More than half a billion doses of COVID-19 vaccines have now been administered in the U.S. and only a few, very rare, safety concerns have emerged. The vast majority of people experience only minor, temporary side effects such as pain at the injection site, fatigue, headache, or muscle pain — or no side effects at all. As the Centers for Disease Control and Prevention has said, these vaccines “have undergone and will continue to undergo the most intensive safety monitoring in U.S. history.”
A small number of severe allergic reactions known as anaphylaxis, which are expected with any vaccine, have occurred with the authorized and approved COVID-19 vaccines. Fortunately, these reactions are rare, typically occur within minutes of inoculation and can be treated. Approximately 5 per million people vaccinated have experienced anaphylaxis after a COVID-19 vaccine, according to the CDC.
To make sure serious allergic reactions can be identified and treated, all people receiving a vaccine should be observed for 15 minutes after getting a shot, and anyone who has experienced anaphylaxis or had any kind of immediate allergic reaction to any vaccine or injection in the past should be monitored for a half hour. People who have had a serious allergic reaction to a previous dose or one of the vaccine ingredients should not be immunized. Also, those who shouldn’t receive one type of COVID-19 vaccine should be monitored for 30 minutes after receiving a different type of vaccine.
There is evidence that the Pfizer/BioNTech and Moderna mRNA vaccines may rarely cause inflammation of the heart muscle (myocarditis) or of the surrounding lining (pericarditis), particularly in male adolescents and young adults.
Based on data collected through August 2021, the reporting rates of either condition in the U.S. are highest in males 16 to 17 years old after the second dose (105.9 cases per million doses of the Pfizer/BioNTech vaccine), followed by 12- to 15-year-old males (70.7 cases per million). The rate for 18- to 24-year-old males was 52.4 cases and 56.3 cases per million doses of Pfizer/BioNTech and Moderna vaccines, respectively.
Health officials have emphasized that vaccine-related myocarditis and pericarditis cases are rare and the benefits of vaccination still outweigh the risks. Early evidence suggests these myocarditis cases are less severe than typical ones. The CDC has also noted that most patients who were treated “responded well to medicine and rest and felt better quickly.”
The Johnson & Johnson vaccine has been linked to an increased risk of rare blood clots combined with low levels of blood platelets, especially in women ages 30 to 49. Early symptoms of the condition, which is known as thrombosis with thrombocytopenia syndrome, or TTS, can appear as late as three weeks after vaccination and include severe or persistent headaches or blurred vision, leg swelling, and easy bruising or tiny blood spots under the skin outside of the injection site.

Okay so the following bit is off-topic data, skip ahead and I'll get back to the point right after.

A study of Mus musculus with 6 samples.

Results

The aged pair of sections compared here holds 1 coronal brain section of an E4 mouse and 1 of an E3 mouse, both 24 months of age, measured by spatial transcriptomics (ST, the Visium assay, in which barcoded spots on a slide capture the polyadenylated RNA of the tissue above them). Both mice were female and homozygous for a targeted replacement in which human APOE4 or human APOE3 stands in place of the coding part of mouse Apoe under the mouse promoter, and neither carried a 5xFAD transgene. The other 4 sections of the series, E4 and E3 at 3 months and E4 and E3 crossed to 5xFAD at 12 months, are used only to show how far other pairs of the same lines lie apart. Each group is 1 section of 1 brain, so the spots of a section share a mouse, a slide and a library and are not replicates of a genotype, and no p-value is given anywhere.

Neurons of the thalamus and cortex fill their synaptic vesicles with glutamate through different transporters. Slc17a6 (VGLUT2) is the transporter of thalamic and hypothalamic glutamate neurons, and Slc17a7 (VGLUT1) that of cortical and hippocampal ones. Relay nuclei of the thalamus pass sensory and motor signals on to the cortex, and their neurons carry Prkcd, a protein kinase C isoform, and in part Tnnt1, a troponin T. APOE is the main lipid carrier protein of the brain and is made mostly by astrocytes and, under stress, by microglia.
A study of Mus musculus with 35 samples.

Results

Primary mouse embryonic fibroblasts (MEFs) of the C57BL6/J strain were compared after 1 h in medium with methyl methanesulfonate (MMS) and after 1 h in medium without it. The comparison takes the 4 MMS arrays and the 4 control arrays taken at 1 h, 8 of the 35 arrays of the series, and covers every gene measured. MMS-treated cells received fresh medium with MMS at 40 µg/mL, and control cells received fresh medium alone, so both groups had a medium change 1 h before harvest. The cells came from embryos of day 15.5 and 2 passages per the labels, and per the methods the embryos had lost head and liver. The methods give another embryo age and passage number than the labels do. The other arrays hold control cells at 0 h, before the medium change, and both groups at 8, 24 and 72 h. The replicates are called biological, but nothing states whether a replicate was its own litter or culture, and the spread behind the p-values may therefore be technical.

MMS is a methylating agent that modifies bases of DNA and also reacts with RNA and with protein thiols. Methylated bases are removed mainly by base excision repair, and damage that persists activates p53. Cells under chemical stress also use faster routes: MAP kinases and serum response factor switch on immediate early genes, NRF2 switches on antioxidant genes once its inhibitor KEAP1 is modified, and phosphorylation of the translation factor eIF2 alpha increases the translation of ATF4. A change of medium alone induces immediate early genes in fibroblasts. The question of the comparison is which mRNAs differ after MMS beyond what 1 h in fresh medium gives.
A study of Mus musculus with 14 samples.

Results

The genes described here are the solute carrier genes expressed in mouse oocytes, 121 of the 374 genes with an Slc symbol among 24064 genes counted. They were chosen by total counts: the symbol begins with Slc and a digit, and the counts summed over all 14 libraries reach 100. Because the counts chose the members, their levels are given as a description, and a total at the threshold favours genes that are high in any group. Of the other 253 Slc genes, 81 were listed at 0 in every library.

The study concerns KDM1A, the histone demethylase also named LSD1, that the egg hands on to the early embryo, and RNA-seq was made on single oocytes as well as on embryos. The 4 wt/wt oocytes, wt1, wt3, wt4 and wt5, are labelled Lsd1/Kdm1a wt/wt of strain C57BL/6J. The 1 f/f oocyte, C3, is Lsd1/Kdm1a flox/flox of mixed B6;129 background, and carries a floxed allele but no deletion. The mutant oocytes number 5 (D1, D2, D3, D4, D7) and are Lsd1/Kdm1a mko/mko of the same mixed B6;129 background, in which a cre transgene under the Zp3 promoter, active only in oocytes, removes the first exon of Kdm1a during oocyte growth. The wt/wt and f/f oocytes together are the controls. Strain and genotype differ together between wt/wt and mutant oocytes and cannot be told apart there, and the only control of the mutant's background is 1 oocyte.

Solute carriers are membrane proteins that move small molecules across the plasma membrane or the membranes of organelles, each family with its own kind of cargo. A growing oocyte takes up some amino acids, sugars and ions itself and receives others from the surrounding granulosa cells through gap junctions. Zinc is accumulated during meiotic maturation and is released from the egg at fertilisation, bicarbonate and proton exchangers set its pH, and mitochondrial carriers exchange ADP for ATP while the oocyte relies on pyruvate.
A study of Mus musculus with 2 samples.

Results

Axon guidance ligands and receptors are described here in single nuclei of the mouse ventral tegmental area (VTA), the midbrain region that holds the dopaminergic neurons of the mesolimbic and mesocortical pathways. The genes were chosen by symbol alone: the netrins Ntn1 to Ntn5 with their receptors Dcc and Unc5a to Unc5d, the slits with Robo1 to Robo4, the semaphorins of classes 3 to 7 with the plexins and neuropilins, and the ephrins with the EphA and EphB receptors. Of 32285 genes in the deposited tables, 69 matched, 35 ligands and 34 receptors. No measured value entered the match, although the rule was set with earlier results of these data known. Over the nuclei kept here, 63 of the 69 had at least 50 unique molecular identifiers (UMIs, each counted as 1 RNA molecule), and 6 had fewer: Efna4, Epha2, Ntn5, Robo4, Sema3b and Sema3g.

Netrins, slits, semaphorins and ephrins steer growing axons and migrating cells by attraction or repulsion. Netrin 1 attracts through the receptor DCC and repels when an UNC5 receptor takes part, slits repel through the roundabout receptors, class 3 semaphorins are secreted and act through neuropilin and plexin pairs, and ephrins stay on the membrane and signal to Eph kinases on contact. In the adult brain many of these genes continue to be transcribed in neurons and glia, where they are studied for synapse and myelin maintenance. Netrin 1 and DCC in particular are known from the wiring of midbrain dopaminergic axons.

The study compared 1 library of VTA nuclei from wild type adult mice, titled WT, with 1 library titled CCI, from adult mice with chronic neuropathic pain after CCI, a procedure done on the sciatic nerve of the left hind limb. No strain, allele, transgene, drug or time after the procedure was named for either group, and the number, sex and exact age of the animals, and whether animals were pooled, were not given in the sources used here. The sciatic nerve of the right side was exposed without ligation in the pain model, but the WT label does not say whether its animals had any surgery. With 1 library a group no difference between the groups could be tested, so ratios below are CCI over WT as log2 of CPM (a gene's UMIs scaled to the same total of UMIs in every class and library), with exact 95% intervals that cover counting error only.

According to the CDC, TTS has occurred in around 4 people per million doses administered. As of early April, the syndrome has been confirmed in 60 cases, including nine deaths, after more than 18.6 million doses of the J&J vaccine. Although TTS remains rare, because of the availability of mRNA vaccines, which are not associated with this serious side effect, the FDA on May 5 limited authorized use of the J&J vaccine to adults who either couldn’t get one of the other authorized or approved COVID-19 vaccines because of medical or access reasons, or only wanted a J&J vaccine for protection against the disease. Several months earlier, on Dec. 16, 2021, the CDC had recommended the Pfizer/BioNTech and Moderna shots over J&J’s.
The J&J vaccine has also been linked to an increased risk of Guillain-Barré Syndrome, a rare disorder in which the immune system attacks nerve cells. Most people who develop GBS fully recover, although some have permanent nerve damage and the condition can be fatal.
Safety surveillance data suggest that compared with the mRNA vaccines, which have not been linked to GBS, the J&J vaccine is associated with 15.5 additional GBS cases per million doses of vaccine in the three weeks following vaccination. Most reported cases following J&J vaccination have occurred in men 50 years old and older.